The next morning, Tuesday after Trinity Sunday, the witnesses hurried with their news to the quickly summoned assembly in the chapel of the Archbishop's house; thirty-three of the judges, having been hastily called together, were there to hear. Jeanne had relapsed; the sinner escaped had been re-caught; and what was now to be done? One by one each man rose again and gave his verdict.

But almost before he had time to think the wish, what he saw before him so absorbed his attention that he forgot everything else. It was a long, long passage, high in the roof, though narrow of course in comparison with its length, but wide enough for Hugh for Hugh and Jeanne hand-in-hand even to walk along with perfect comfort and great satisfaction, for oh, it was so prettily lighted up!

She made a supreme effort. "I won't, Serge!" she stammered. "Have mercy!" Tears of shame rolled down her face. "No! you belong to me. The other, your husband, stole you from me. I take you back. I love you!" The young woman fell on a seat. Serge repeated, "I love you! I love you! I love you!" A fearful longing took possession of Jeanne. She no longer pushed away the arms which clasped her.

Jeanne seemed unconscious of everything; she was waiting until she should be alone. When he had dined, Julien came upstairs again and asked for the second time: "Won't you have something to eat?" His wife shook her head, and he sat down looking more resigned than sad, and did not say anything more.

Something, of course, had detained Percy; perhaps he had been unable to get definite information about Jeanne; perhaps the information which he had obtained was too terrible to communicate.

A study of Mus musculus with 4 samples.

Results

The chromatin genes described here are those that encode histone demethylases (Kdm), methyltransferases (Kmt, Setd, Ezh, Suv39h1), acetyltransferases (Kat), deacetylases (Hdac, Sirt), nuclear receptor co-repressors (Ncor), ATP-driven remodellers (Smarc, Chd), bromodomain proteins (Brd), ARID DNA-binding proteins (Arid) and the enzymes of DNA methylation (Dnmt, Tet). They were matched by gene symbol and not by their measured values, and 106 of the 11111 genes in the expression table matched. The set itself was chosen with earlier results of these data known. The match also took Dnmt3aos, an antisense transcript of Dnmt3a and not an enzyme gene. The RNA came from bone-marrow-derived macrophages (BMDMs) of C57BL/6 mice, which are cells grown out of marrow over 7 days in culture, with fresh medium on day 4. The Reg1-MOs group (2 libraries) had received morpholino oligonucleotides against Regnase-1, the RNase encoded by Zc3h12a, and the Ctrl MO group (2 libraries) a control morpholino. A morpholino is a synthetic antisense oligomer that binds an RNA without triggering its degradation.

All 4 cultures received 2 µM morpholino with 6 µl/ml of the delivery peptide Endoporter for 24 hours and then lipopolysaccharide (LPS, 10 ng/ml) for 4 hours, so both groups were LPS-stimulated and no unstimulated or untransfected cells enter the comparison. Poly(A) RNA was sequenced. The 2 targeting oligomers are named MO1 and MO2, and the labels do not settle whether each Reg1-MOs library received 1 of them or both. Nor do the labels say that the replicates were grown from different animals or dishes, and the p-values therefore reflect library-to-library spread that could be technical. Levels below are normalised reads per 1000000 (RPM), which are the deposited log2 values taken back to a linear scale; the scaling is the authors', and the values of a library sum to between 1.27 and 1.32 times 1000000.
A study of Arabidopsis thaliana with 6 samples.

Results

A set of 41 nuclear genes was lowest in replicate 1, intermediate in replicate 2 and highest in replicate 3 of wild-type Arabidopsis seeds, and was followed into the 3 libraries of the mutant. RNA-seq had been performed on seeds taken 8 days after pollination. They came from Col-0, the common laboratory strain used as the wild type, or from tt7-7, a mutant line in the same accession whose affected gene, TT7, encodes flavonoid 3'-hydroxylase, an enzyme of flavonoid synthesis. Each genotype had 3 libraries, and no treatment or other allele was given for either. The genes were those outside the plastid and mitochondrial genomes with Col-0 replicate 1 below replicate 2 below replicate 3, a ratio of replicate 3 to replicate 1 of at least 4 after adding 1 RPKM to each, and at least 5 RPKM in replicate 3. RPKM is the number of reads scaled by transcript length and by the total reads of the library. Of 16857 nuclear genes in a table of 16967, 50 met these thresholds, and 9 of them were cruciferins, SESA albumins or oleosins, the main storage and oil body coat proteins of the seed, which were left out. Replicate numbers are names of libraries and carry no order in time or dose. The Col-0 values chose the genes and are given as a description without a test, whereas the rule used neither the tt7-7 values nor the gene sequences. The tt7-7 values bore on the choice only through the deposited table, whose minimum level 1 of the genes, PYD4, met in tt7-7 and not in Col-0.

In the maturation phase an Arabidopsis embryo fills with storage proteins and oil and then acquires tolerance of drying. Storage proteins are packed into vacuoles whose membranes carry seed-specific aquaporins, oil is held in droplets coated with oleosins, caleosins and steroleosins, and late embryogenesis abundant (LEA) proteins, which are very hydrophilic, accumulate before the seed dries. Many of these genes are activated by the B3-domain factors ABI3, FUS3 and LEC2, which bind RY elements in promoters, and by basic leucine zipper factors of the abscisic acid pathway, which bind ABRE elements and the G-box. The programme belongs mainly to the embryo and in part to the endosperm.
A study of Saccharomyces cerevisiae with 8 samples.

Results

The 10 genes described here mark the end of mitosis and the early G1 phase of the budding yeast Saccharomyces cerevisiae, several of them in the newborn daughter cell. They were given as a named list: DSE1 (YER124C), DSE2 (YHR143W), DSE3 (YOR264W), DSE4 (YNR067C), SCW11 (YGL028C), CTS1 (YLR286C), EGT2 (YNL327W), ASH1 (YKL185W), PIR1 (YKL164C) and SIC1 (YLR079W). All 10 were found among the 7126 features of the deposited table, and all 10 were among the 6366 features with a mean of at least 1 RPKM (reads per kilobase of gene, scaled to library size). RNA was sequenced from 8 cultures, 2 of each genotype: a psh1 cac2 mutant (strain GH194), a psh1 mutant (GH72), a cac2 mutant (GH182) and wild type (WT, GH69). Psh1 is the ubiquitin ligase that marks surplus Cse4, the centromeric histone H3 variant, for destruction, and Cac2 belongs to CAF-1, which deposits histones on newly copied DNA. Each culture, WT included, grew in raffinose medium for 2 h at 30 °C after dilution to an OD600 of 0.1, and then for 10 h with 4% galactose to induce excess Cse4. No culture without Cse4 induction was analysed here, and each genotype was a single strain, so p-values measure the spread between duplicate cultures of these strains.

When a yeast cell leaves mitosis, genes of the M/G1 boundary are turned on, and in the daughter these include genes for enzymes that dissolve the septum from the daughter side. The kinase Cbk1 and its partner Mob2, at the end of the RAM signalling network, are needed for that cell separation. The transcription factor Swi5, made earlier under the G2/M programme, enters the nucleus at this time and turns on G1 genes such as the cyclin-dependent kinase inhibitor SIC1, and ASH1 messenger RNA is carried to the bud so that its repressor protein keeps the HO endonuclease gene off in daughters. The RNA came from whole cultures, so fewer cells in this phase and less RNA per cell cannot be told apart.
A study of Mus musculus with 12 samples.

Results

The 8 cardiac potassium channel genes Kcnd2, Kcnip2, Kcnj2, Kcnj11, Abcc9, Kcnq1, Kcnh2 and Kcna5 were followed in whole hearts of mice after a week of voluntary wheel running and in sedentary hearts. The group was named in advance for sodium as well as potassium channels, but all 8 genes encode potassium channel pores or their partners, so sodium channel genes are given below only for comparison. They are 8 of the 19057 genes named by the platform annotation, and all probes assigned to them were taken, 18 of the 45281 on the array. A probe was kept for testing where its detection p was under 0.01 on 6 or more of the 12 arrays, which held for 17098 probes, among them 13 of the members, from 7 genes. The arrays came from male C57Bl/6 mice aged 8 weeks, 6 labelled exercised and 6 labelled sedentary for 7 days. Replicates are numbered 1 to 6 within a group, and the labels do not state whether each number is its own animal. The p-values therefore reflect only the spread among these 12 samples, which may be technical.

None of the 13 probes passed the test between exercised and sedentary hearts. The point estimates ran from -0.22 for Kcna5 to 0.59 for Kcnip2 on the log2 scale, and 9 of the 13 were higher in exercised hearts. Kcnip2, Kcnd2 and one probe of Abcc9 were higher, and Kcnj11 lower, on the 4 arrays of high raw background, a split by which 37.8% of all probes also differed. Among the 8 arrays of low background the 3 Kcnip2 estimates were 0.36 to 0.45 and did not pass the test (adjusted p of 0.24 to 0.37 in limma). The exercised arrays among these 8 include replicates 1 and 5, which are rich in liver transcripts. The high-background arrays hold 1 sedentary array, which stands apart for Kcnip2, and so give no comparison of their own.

"In God's name," she cried in anger, "you deceive yourselves, not me, for I bring you more certain aid than ever before was brought to a town or city. It is the aid of the King of Heaven," and in truth the way that the captains had chosen in their timidity was more dangerous and uncertain than the one that Jeanne had chosen.

Here I spent my youth, and here my father died. A thousand ties bind me to this dwelling, and I cannot leave it without being overcome." "Another home awaits you, luxuriantly adorned," murmured Cayrol, "and worthy of receiving you. It is there you will live henceforth with me, happy through me, and belonging to me." Then, ardently supplicating her, he added: "Let us go, Jeanne!"

Then she went in, and kissing Victorine, said: "Eat thy supper now, and go to bed; it is late. Good-night. I'll wake thee early enough in the morning to pay for not having called thee this afternoon. Good-night." Then Jeanne went down to her own room, blew out her candle, and seated herself at the window to hear what would happen.

Asked respecting Soissons, when the captain had surrendered the town, whether she had not cursed God, and said that if she had gotten hold of the captain, she would have cut him into four pieces; she answered, that she never swore by any saint, and that those who said so had not understood her. At this point the public trial of Jeanne came to a sudden end.